Times changed quickly in the early 1980's, and 1980 to 1983 had been a black period for American constructors, with GM and Ford uncertain, AMC only escaping after the intervention of Renault, and Chrysler surviving thanks to new boss Lee Iacocca and what seemed like a miracle. In all, the American industry recorded losses of $42 billion during the period!
Yet 1984 showed an incredible turn-around; profits for the first quarter were $6.5 billion, GM and Ford saw their profits rise by 60-70%, 150,000 laid-off workers had been re-hired and Ford president Philip Caldwell's total of salary and benefits for 1983 was no less than $7.3 million, arguably at a time when executive renumeration really did have link to performance rather than out-and-out greed. The revival was general, covering both production levels and sales on the domestic market. Both rose by 25%, and the improved situation put the USA back on course towards the position of the world's number one car maker.
In a market that was moving back towards large cars, Renault's associate AMC met difficulties in maintaining the sales of its Renault II clone, the Alliance, but fortunately Jeep sales improved and maintained the company's profitability. Although inflation and unemployment were almost mastered in America, the country's budget deficit remained enormous, and the American constructors were worried about a rise in the quotas of imported Japanese cars. The result was an increase in the number of joint operations similar to GM's "Saturn" project, envisaging the production of small cars in co-operation with the Orient, just in case.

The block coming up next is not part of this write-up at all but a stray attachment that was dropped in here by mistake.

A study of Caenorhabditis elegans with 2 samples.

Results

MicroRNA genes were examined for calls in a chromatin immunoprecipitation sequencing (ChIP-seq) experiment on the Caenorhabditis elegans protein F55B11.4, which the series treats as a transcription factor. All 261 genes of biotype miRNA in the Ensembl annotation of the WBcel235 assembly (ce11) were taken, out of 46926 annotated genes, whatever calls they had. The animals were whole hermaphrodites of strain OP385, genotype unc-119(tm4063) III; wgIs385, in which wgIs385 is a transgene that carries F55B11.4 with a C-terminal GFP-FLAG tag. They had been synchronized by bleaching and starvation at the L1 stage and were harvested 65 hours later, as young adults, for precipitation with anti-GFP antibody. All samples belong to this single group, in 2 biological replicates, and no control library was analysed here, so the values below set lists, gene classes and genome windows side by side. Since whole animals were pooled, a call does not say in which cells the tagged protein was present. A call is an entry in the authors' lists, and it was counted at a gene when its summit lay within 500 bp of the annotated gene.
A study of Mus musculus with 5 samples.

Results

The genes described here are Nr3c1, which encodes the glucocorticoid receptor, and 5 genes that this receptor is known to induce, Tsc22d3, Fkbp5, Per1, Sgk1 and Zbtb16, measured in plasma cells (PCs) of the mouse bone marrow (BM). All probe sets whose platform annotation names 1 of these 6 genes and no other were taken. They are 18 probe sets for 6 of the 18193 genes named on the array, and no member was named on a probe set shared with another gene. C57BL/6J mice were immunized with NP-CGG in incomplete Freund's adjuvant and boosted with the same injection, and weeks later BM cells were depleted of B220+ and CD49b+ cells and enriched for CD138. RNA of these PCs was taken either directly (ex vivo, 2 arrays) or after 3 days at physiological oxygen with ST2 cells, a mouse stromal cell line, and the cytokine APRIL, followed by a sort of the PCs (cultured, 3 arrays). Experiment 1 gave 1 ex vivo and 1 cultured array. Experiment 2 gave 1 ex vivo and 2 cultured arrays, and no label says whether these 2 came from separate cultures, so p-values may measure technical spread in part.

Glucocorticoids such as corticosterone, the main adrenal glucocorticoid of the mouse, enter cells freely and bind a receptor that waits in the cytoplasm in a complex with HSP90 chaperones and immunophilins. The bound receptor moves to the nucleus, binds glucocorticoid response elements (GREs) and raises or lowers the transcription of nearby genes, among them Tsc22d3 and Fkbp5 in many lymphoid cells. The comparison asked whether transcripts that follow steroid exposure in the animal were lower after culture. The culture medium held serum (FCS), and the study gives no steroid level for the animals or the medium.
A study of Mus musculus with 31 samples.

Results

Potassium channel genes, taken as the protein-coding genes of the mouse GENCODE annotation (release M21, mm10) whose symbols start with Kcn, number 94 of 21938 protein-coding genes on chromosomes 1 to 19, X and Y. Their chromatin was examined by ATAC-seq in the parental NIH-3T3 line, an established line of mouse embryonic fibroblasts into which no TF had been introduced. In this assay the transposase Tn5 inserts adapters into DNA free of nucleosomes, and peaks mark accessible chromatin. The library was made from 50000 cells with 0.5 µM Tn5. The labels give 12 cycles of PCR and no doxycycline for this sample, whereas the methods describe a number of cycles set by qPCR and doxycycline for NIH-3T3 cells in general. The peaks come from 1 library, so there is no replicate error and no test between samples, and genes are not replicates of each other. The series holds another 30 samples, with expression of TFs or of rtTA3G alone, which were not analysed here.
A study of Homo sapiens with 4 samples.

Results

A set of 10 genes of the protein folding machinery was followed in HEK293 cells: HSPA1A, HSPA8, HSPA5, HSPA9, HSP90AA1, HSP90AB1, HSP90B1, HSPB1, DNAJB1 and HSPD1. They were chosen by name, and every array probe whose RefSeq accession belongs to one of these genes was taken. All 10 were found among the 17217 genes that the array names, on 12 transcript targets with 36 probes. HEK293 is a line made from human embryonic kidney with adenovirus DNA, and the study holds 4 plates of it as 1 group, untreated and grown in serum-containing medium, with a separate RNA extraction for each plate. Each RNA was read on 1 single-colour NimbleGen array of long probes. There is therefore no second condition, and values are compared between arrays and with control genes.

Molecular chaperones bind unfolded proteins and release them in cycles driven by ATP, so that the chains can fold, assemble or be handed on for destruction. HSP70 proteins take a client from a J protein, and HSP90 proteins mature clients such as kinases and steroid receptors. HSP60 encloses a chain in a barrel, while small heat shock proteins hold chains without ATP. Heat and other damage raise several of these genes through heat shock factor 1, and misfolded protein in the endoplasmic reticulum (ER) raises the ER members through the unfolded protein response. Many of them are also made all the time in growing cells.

Nevertheless, the situation was well in hand by 1984, with a number of solid relationships between American and Japanese companies; Ford with Mazda, Chrysler with Mitsubishi, and GM with Isuzu and Suzuki as well as the "deal of the century" with Toyota, which sealed the association between the first and third largest car-makers in the world to set up an operation in California to produce 250,000 Corolla-type cars per year starting in 1986.
In addiition, Ford and GM also controlled a quarter of the sales in Europe through their wholly-owned subsidiaries, and in Stuttgart, Paris and Turin there were those who feared that the Americans' massive profits would mean that the world's automobile
manufacturing capital would not be Tokyo but Detroit. And if a dismantling of America's tariff barriers lead to an invasion of the home market by the Japanese, the American manufacturers had already made their plans to start production in South-East Asia, where labour costs were roughly half what they were in America.